The Grand Valley State University Technology Showcase in Allendale, Mich., is offering opportunities for students and teachers to learn in new ways. Prominently situated within the school’s library, the 3-year- old Technology Showcase is less of a place to gawk at the latest gadgets and more of a hands-on lab where students and faculty can discover how to integrate technology and education—or even check out products for free for use on school projects or lesson plans. We talked to Grand Valley’s Eric Kunnen, associate director of eLearning and emerging technologies, about the Technology Showcase and its role in changing education.
MCPT: What is the goal of the Technology Showcase?
Kunnen: The ultimate goal is to bring about new and innovative or emerging technologies that students and faculty can interact with, that they can discover, that they can learn about. And then they can also share how they are using technology to enhance teaching and learning. It’s a drop-in space, primarily, where faculty and students can interact with these new technologies.
MCPT: How often do you get new products in the Technology Showcase?
Kunnen: The goal is to keep things fresh every quarter. Depending on when new technology is released, we will work to adopt it. So, for example, the Microsoft HoloLens recently came out, and we were part of phase one in deployment of that technology.
We try to track where things are headed in higher education and technology and pick technologies that are most appropriate for our campus. I often say we’re not trying to be the Best Buy of campus, but we are trying to bring about some new thinking around and accelerate the topic of technology that’s used in teaching and learning. So all the technology that we do have in some way, shape or form touches on either the classroom, or a faculty member’s role in their teaching or a student’s experience in learning.
MCPT: Are products there permanently, short-term or both?
Kunnen: Most of our technologies have been around since we started; however, we do rotate different technology in and out. So some of our technology is in storage right now, and we’ll bring it out periodically to keep things fresh. Some technology at some point does expire. Either it didn’t work out, or there’s a production version now.
MCPT: What have been the most popular products with students and staff?
Kunnen: We jumped into 3D printing right away. It’s been really successful because it was a really new technology. We’ve had students print your typical gadget, like cellphone cases, but we’ve also had some real world projects from students, such as a student who fixed his vintage stereo amp that he couldn’t find a replacement part for. We’ve had science teachers and math teachers print manipulatives for their classes, research equipment and those sorts of things.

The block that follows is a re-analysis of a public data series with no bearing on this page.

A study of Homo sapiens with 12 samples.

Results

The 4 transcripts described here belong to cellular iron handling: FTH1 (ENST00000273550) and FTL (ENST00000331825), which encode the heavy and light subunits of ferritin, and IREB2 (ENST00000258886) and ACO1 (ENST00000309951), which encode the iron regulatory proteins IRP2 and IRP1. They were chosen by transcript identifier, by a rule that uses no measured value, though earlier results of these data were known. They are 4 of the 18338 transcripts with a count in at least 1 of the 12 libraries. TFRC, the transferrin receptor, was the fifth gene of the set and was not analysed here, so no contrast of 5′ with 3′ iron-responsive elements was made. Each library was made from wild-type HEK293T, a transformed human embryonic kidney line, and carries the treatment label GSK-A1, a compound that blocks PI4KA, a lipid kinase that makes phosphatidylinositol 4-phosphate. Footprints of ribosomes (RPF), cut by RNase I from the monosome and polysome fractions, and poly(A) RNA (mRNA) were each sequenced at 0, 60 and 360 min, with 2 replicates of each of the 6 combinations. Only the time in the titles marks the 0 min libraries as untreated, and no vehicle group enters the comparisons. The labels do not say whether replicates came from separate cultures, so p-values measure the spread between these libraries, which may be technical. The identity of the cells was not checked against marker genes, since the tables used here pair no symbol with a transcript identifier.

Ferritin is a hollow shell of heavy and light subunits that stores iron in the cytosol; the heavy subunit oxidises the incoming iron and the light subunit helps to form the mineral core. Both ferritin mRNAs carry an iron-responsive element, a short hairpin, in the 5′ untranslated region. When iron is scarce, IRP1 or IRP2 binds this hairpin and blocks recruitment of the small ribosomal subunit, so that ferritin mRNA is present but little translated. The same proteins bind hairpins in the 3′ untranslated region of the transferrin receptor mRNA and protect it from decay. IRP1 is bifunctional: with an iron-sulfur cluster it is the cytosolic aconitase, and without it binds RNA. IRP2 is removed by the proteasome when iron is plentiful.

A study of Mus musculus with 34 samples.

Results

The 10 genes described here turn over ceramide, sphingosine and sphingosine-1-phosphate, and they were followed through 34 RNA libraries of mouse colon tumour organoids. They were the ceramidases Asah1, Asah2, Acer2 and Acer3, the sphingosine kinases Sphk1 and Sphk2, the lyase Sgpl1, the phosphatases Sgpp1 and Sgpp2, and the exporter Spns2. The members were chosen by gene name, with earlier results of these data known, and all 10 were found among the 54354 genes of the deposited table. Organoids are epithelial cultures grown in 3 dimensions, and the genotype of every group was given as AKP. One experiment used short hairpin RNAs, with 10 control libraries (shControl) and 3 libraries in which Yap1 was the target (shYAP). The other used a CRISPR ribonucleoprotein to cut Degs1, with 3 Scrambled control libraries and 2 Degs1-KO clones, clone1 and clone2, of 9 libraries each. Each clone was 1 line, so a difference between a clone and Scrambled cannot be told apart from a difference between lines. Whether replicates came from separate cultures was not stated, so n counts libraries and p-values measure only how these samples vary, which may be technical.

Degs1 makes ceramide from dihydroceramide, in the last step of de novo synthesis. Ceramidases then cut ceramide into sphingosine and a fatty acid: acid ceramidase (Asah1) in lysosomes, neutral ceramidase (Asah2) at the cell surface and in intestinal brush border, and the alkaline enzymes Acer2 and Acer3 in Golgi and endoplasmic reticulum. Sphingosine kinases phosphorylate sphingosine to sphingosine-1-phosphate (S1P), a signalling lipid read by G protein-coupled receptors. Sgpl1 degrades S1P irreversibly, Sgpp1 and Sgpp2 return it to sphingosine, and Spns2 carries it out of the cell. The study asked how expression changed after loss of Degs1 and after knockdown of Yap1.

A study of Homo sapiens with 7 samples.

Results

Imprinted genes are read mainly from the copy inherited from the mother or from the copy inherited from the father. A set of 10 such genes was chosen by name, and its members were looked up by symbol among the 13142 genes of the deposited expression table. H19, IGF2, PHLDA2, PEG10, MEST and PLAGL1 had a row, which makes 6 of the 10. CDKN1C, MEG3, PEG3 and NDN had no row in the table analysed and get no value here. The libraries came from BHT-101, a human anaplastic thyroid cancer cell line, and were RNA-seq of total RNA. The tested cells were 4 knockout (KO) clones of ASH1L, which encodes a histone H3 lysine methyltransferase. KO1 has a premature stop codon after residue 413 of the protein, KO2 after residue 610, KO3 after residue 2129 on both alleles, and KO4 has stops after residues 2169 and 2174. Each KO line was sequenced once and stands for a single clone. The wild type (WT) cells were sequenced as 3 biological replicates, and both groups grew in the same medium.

Another popular technology is Oculus (a virtual reality headset). It places you in this virtual world where you can do simulations and experiments. It’s a whole new world of potential, especially if you look at certain disciplines like healthcare and architecture, those sorts of things that require some visualization for the material that would be either too expensive or not possible to recreate.
MCPT: What are some examples of how students or staff members have used products in the showcase to help with education?
Kunnen: All of our technology can be signed out by a faculty member or a student for a class project. So we’ve had students use a 360 degree camera for film and video class. We’ve had students come in to use the 3D printer to print a mock-up set for a theater class.
One of our technologies that we pre-ordered and got in before it was generally available was called Swivl. It’s kind of like a personal cameraman that allows you to put your camera into this rotating swivel device. You can set it up to record, and it follows you around wherever you walk. One of the things that was exciting about that particular technology was our College of Education came across that we had it. They tried it out and thought it would be a great application for their hybrid graduate teachers rotation program, because a lot of their mentor teachers were driving lots of miles across the state of Michigan to do classroom observations. So they went through a grant process and acquired several Swivl devices for that particular program. And now students set those up in their classrooms, record their teaching experience and then their mentor teacher can review it and provide some real world feedback based on their performance.
We also worked with a couple of chemistry teachers to investigate 3D projection technology. We got a couple of projectors, tried some things out, and now one of our classrooms in chemistry is set up as a 3D projector classroom where students wear the passive glasses. So they can wear those glasses in the classroom and better visualize protein molecules and other complex, hard-to-visualize molecules in chemistry.
MCPT: You have overseen the showcase for almost three years now. What have you learned during that time about what technology can or can’t do?
Kunnen: As a faculty member or a student you don’t know what you don’t know. So if you don’t have access to the technology or have never tried it out before that is a big limiting factor. Getting technology in the hands of students and faculty is one of the ways we can pioneer the future together.
Check out the Technology Showcase visitor’s page for hours or information on scheduling a tour.